At its annual developers conference, Intel emphasized its focus on the Internet of Things — and dancing robotic spiders.

Posted on August 18, 2015, at 8:07 p.m. ET


Intel is building out an ecosystem of wirelessly connected devices intended to enhance all facets of life, one that includes robots that deliver drinks to hotel guests, smartwatches, gesture-controlled vending machines, and mirrors that display outfits in different colors.

At its developers conference in San Francisco on Tuesday, Intel previewed a slew of consumer products that exemplify its approach to the so-called Internet of Things. The company doesn't necessarily want to build those things itself, but it does want to make the chips that power them.

"We have a vision for how technology will evolve, but it is not complete without you," CEO Brian Krzanich told the audience of developers. "Because you are the ones who actually bring all this technology to life. You build the products, you bring them to the customers. ... Computing is everywhere in our lives today. It's in our bags, our clothes, our homes, our cars."


It's also in our bikes. Onstage Tuesday, Intel announced plans to bring its new low-power Curie to select developers this year and showed off a number of prototype products using it. Among them were a BMX bike whose handlebars record turns and spins and a security bracelet that locks your computer when you walk away from it.

Those gadgets are likely the first of many more to come, given Intel's recent acquisitions and partnerships in the wearables space. In June, Intel bought Recon, a Canadian company that makes high-tech eyewear for serious athletes. Last year, it acquired Basis Science, a startup that develops wrist-worn activity trackers; it also entered a multiyear collaboration with Luxottica Group, the world's biggest eyewear company, with brands like Ray-Ban and Oakley.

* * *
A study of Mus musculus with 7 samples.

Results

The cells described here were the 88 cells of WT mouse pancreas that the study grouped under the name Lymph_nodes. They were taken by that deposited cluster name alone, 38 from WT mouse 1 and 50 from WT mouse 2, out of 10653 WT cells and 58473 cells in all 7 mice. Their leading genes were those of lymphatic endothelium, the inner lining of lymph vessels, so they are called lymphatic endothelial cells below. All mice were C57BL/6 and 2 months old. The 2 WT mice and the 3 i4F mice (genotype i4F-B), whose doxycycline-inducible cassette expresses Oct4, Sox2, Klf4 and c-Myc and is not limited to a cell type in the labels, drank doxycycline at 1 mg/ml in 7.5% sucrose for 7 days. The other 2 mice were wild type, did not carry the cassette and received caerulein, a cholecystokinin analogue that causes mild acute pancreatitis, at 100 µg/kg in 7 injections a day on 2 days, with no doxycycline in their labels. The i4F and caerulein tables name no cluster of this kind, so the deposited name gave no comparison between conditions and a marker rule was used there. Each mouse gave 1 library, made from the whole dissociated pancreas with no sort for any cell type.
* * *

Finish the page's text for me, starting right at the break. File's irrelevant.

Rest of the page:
Intel also showed off a small, lightweight camera that senses and responds to natural movement in three dimensions, making it an ideal tool for virtual reality gaming. Developed in partnership with the gaming product company Razer, the camera is powered by Intel's RealSense depth-sensing technology platform.

RealSense has other applications as well. Nieman Marcus is using it to power digital mirrors that show shoppers how their outfits look in different colors. And Savioke has incorporated it into its Relay robot, which delivered a Diet Coke to Krzanich onstage and is expected to do the same for some hotel guests next year. RealSense is also headed to 5,000 smart vending machines that will let people make purchases simply through gestures.


Intel said it's opening up RealSense to more developers on different platforms, like Mac OS X and Linux, in addition to Windows and Android. So all kinds of yet-to-be-imagined products are on their way.

Robotic spiders with RealSense "eyes," for example. Dozens of them dancing to "Uptown Funk."


Look familiar? These are the same spiders that inspired Jimmy Fallon to remark, “The end of the world is going to be fun.”

Want to make a spider, or something else, of your own? Intel is teaming up with United Artists Music Group on a new reality show, America's Greatest Makers, which will reward the top idea with $1 million. It'll hit the airwaves in 2016, Intel said.